In the early 1760s, Mayer Rothschild began building a banking dynasty that would last for centuries.
The elder Rothschild sent his five sons across Europe to establish banks in cities like Paris and London.
One son, Nathan Rothschild, took the lead and expanded the family’s banking dynasty.
With siblings in different countries, the family now had a trusted network of lenders with whom they could finance large government projects like infrastructure and war.
To quicken the pace of their financial transactions, the brothers used a network of carrier pigeons to send messages to one another across Europe.
This allowed them to quickly react to financial news from other markets. That way they could always be the first in a local market to respond to news from abroad.
Bad news in Paris markets could be sent by pigeon to London, where Nathan could sell a stock that would be negatively affected.
Things have gotten a lot faster these days.
Scientists have discovered how to accelerate an ion to 99.9999% the speed of light.
The Internet allows us to speak to someone across the globe, instantaneously, anytime of day or night.
We’re even on the verge of commercial space flights. By 2023, SpaceX plans to send a Japanese billionaire around the moon.
And yet, despite all this speed, it can still take several DAYS to send money from one person to another using the traditional banking system.
Rather humorously, the Federal Reserve announced last week that a ‘real time’ payment system would be (hopefully) released in about FOUR YEARS time.
Bear in mind that companies like PayPal that allow for real time payments have been around for 20 years. Cryptocurrencies like Bitcoin have been around for more than a decade.
And now, FINALLY, the Federal Reserve might get around to implementing the same thing.
This is pretty crazy when you think about it. The Fed is supposed to be leading the way in banking; they’re the top regulator and largest central bank in the world.
But they’re hilariously far, far behind the rest of the industry.
Domestic money transfers in the United States rely on the ‘ACH’ payment network to send and receive money.
If your paycheck is direct deposited into your bank account, or mortgage payment automatically deducted, these typically use ACH.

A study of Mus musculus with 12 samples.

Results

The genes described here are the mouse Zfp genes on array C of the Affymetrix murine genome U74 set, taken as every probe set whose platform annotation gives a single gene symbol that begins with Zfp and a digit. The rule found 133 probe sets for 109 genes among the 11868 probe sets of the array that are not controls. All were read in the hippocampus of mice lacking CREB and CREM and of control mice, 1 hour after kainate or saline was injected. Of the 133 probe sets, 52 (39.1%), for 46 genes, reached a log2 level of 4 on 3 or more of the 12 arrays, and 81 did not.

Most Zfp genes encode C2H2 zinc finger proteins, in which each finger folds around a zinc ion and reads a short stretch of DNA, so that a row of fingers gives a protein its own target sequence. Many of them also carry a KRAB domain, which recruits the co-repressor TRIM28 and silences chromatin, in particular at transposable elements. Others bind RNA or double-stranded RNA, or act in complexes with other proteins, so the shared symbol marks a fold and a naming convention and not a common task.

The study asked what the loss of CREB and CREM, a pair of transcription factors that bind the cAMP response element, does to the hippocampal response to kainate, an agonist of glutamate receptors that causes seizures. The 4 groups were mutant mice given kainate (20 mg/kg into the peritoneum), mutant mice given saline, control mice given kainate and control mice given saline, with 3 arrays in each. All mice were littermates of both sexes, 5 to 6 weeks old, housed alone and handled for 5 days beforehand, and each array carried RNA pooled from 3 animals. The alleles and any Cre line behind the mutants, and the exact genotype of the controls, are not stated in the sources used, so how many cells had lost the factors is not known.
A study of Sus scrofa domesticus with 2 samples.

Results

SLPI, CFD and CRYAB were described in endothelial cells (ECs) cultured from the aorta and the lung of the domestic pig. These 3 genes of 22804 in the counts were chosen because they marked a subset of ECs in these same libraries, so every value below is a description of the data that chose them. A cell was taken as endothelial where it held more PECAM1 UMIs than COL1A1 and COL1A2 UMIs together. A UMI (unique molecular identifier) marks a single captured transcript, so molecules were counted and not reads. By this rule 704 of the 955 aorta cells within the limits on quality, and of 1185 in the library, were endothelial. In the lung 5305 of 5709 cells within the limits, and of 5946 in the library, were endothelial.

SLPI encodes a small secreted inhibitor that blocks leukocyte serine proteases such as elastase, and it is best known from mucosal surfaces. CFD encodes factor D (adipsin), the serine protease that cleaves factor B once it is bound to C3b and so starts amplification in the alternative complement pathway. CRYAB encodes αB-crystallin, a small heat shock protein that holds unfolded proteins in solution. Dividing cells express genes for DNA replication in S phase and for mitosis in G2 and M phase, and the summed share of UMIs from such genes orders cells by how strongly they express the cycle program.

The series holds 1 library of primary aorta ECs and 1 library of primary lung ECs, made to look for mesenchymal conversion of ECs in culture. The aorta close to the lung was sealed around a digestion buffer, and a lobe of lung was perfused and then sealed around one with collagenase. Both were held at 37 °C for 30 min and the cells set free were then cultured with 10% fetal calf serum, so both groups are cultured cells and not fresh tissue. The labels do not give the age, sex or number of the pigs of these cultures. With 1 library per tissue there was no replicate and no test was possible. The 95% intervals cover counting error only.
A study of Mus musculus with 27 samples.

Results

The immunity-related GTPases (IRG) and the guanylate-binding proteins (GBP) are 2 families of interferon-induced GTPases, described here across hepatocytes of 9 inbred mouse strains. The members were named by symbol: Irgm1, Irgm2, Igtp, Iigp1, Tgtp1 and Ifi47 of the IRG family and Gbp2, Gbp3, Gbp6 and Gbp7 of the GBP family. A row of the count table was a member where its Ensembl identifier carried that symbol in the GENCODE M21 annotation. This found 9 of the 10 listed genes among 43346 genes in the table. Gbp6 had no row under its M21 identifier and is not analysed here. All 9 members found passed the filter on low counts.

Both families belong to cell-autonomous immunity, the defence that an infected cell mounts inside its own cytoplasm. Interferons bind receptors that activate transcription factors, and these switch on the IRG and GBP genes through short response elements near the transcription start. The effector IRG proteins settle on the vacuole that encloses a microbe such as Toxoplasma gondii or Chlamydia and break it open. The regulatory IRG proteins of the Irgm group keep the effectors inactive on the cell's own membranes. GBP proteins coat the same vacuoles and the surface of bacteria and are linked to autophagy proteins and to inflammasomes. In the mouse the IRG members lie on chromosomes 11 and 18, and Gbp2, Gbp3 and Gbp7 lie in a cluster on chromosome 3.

ACH payments take 2-3 DAYS to clear. That’s totally insane in this day and age. Seriously, the Rothschilds’ network of carrier pigeons didn’t even take that long.
And if you’ve ever dealt with international financial transactions, you have probably heard of the SWIFT network.
SWIFT is a worldwide banking network that allows financial institutions to ‘securely’ send and receive messages about wire transfers and payments.
I’m putting ‘securely’ in quotes because the system has been hacked a number of times. And it runs on pathetically outdated technology.
As many readers know, I own a bank. And I’ll never forget when we joined SWIFT, they told us that in order to run some of their software we needed to install an obsolete version of Windows that Microsoft stopped supporting years ago.
Seriously? This is the ‘secure’ system that is responsible for trillions of dollars of worldwide financial transactions?
Nearly every major worldwide banking authority is playing a pitiful game of catch-up with non-bank technology companies that have developed vastly superior ways to conduct financial transactions.
Think about it– nearly every single function of a bank– deposits, loans, foreign exchange, payments– can be done better, faster, and cheaper outside of the banking system.
You can hold money in the Blockchain (or even something low-tech like T-bills, which pay 100x more interest than your bank account. Or gold.). You can borrow money from peer-to-peer websites. You can send money with firms like Venmo or TransferWise.
Banks are becoming useless antiques. And by the time the Federal Reserve has figured out how to make real time payments, I expect the technology at that time will have leapfrogged their best efforts.
Facebook could easily have hundreds of millions of people using its digital currency Libra within 12 months.
So sending money could become as easy as sending an email, all without using a bank, and three years before the Fed joins the 21st century.